The View Behind Bars

A Student Activist's Take on Incarceration from the Inside

As my second week in prison comes to a close, it becomes increasingly clear that the prison system serves little purpose than that of a multi-billion dollar industry.

The economics of incarceration
Each federal prison receives $20,000 and up per year per inmate for room and board. This money is supposedly used for the upkeep of an eight feet by nine feet cubicle housing two people, and to purchase our food (despite most of the food being expired, unsellable goods donated by supermarkets for tax write-offs).

In comparison, it costs less than $15,000 per year to live and eat at most private colleges, institutions hardly known for skimping.

The prisons also receive funds for inmates enrolled in GED classes, drug programs, and other “self-improvement” courses. The received compensation actually decreases the effort applied to help inmates—if inmates fail and are forced to retake the courses, it insures additional payments to the prison.

On top of all this, the commissary appears to inflate prices 150%-200%, and phone charges are about three times the cost of the most expensive phone rates available on the outside. Most products sold and used within the walls seem to be manufactured by companies invested in or owned by big business or those with significant political influence.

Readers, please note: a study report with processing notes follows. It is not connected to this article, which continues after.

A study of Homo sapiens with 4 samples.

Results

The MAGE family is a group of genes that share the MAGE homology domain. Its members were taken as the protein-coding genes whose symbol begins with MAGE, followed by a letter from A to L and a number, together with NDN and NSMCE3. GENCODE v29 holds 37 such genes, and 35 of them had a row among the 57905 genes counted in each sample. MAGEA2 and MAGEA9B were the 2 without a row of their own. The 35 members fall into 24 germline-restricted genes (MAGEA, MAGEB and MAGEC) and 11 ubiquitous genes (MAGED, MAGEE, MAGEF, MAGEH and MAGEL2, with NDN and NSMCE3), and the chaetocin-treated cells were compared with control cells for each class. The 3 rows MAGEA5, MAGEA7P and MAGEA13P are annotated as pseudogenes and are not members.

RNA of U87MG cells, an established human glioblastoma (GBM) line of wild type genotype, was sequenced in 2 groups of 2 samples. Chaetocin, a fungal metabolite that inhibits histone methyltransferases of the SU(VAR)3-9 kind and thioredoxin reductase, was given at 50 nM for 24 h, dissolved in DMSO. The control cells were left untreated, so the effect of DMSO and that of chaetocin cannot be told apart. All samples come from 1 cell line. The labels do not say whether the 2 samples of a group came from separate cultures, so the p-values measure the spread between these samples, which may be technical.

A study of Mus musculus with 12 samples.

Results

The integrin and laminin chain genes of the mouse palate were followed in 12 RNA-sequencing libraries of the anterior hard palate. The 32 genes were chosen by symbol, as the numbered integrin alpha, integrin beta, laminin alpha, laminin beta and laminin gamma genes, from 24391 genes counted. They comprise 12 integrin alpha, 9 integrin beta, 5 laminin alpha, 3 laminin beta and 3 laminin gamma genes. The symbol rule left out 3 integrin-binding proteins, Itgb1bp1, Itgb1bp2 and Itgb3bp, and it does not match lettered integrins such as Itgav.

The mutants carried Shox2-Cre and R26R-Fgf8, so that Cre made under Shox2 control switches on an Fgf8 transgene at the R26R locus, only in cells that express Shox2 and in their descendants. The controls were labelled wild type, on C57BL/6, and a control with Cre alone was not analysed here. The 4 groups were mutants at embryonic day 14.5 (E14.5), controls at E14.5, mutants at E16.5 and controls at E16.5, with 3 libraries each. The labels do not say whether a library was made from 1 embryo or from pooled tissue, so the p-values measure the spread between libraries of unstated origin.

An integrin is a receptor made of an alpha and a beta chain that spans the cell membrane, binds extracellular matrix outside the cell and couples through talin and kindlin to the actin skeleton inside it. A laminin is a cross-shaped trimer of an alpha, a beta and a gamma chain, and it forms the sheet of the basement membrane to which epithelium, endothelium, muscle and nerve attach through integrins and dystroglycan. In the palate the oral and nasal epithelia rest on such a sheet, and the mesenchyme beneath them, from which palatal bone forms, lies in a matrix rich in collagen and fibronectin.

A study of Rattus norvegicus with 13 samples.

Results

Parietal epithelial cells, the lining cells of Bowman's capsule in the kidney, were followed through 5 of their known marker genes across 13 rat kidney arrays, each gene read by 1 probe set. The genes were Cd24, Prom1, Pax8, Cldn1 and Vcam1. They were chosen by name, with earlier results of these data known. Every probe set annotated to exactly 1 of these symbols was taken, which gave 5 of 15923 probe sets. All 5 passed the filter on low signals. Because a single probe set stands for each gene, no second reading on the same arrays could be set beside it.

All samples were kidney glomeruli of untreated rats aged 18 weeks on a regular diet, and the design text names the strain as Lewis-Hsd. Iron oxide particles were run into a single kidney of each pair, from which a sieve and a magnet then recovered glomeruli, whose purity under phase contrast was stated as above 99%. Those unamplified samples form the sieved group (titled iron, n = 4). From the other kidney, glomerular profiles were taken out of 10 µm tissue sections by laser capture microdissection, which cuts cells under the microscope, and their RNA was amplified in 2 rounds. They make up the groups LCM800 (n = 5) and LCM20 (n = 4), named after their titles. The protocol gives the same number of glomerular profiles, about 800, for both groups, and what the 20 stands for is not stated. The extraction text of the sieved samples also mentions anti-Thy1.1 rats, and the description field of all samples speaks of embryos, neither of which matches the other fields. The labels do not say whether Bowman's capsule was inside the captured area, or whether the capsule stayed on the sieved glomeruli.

What makes this a Christian country?
From this assessment a paradox arises—we live in a predominantly Christian country in which our president and vice-president proclaim their devotion to this religion on a daily basis. But, based on the view from prison, we fail in practicing it.

Perhaps our leaders’ Bibles lack the Sermon on the Mount, or maybe they simply ignore Christ’s words when he speaks about money:

“No one can serve two masters. He will either hate one and love the other, or be devoted to one and despise the other. You cannot serve God and Mammon ” (Matthew 6:24).

Despite this teaching we live in a world consumed by Mammon. A society which measures success by money and material rather than by love and relationships.

We are also surrounded by militarism and weapons manufacturing; we profit through war. You could say that we worship Mammon and Mars, placing God as a distant third.

Choosing the Living God

I am not suggesting one should give up all s/he owns and plunge into intentional poverty, for it is difficult for even the strongest spirits. What I am suggesting is each of us consciously begin pushing away the gods of the “empire” and move toward the Living God of love and Christ’s teachings.

Protest the insanity enveloping our world in any way you can, and continue increasing the effort.

It is a long, uphill battle, but one, as Christians, we are obliged to accept. We must accept this task before we are drowned by the nothingness Mammon and Mars create. We must do something. Something is better than nothing. And we really can’t afford to wait.